27 June 2011

Three great little annual plants in Neath Port Talbot

I've seen Sharp-leaved Fluellen (Kickxia elatine) elsewhere in Glamorgan before, but until yesterday, never in Neath Port Talbot. These were growing out of gravel and tarmac near Brunel Dock. This fantastic little snapdragon is better known as an annual weed of arable land and has become increasingly scarce in recent years like many other arable weeds.

Nearby, there were numerous clumps of this rather nondescript bedstraw. It turned out to be Wall Bedstraw (Galium parisiense), a rather rare plant more typically found in eastern England and a long way west of its normal, native range. This could be a new county record (Barry should be able to tell us) and it is interesting to speculate on how it got to Neath Port Talbot. One possibility is that it was introduced in the wild flower seed used in the grasslands around Brunel Dock and the Quays. It seems to be well established, but it is an annual so it may not be able to establish itself there in the long term. Time will tell. Unlike the common bedstraws it has pinkish-green flowers.
Other characteristic features include the forward pointing prickles on the edge of the leaves. The older leaves also tend to deflex.

About a mile away to the west, across the other side of the Briton Ferry Bridge, and in a similar habitat, there is a fabulous little population of Common Cudweed (Filago vulgaris). This is another species which has undergone a large decline in recent decades - not so common cudweed anymore! However this is now the fourth site for this species in Neath Port Talbot in recent years. It too is an annual and it rarely persists for more than 3 or 4 years any where in my experience.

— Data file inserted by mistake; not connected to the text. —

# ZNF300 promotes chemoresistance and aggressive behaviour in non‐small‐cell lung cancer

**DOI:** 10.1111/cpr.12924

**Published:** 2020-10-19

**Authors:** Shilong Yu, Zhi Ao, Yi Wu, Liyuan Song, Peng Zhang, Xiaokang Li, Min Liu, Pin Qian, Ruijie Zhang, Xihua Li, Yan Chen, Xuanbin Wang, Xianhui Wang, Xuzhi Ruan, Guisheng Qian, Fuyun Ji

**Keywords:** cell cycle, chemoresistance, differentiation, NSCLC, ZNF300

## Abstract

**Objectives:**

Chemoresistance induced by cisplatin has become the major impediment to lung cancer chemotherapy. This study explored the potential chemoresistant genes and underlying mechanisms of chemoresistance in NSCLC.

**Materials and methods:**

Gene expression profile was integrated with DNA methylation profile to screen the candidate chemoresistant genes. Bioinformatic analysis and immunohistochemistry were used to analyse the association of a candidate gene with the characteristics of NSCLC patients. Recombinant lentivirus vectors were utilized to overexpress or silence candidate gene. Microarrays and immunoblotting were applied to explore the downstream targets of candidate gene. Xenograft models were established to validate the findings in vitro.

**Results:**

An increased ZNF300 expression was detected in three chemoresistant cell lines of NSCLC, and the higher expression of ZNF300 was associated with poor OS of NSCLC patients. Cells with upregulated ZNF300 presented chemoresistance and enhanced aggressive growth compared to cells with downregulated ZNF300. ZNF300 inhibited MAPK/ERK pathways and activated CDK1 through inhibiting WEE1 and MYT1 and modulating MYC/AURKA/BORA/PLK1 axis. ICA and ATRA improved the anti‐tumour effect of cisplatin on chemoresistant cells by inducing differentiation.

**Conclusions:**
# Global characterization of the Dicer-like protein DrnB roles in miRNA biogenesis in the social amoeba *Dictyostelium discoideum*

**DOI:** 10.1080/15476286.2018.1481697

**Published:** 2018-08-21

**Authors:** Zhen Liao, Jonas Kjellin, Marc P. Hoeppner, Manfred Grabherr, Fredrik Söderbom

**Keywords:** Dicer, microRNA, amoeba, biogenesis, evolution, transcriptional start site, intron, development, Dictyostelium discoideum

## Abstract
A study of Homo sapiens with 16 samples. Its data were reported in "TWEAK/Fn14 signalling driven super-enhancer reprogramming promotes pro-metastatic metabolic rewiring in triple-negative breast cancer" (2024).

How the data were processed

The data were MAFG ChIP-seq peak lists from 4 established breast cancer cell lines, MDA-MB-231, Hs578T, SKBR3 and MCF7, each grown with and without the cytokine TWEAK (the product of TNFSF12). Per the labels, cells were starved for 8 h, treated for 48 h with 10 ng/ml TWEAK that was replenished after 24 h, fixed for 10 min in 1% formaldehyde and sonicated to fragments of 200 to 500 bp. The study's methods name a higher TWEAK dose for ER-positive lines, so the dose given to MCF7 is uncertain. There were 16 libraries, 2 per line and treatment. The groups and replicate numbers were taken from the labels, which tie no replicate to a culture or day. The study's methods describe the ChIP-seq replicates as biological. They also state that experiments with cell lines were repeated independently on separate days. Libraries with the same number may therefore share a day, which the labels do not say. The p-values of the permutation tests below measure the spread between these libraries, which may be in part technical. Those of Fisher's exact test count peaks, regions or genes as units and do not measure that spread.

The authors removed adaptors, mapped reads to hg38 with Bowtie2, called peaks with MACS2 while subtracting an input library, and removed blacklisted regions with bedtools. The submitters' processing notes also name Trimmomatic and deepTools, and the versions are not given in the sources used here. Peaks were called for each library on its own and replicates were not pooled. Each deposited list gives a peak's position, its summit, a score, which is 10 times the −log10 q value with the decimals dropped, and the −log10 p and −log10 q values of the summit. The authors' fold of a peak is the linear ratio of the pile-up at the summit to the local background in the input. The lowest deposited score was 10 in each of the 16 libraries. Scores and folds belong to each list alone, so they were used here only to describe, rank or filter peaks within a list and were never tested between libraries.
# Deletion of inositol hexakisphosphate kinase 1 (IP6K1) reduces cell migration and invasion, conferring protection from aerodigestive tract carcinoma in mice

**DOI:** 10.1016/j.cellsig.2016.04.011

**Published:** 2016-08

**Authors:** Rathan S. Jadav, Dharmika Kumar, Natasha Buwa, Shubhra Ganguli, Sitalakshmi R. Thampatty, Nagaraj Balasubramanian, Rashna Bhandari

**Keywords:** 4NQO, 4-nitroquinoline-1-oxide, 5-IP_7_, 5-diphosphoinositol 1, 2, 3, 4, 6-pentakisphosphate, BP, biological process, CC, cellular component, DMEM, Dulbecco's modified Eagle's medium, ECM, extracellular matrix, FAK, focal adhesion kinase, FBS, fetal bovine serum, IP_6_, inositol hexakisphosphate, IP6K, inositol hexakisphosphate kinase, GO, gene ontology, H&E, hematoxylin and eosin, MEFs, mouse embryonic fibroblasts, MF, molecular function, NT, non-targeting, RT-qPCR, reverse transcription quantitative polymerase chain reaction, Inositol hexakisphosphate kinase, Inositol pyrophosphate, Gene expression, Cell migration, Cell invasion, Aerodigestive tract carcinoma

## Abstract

All these plants require the sort of open disturbed habitats associated with brownfield sites.


Barry Stewart said...

There's nothing on my system or the BSBI Big Database showing any records of Wall Bedstraw in Glamorgan, so looks like a new vice-county record. I notice too that your Common Cudweed observations appear to be the only modern (i.e. new millennium) records in Glamorgan other than a site in Merthyr.

Rob Ladds said...

Hi Charles!
2 years ago I cleared a field in Sandy Lane of scrub and bracken, by JCB. Several plants of what I took to be Common cudweed sprang up, only to dissappear in all the grass last year.
Had to look them up as I hadn't seen it before. I'm not an expert, but is there anything else very similar.
Glad you're still firing on all botanic cylinders.
Cheers, Rob

Charles Hipkin said...

Thanks for the info Barry. I've seen Common Cudweed on Bryn Tip in recent years (this millenium) and in Neath town centre and Jersey Marine in the late 1990s - it all seems like yesterday.
And on that note.... great to here from you Rob. Common Cudweed could be mistaken for Small Cudweed which is much more slender, and Marsh Cudweed perhaps. But it is pretty distinctive and it probably was what you saw.
Not sure all cylinders are firing Rob, but there's still a pulse!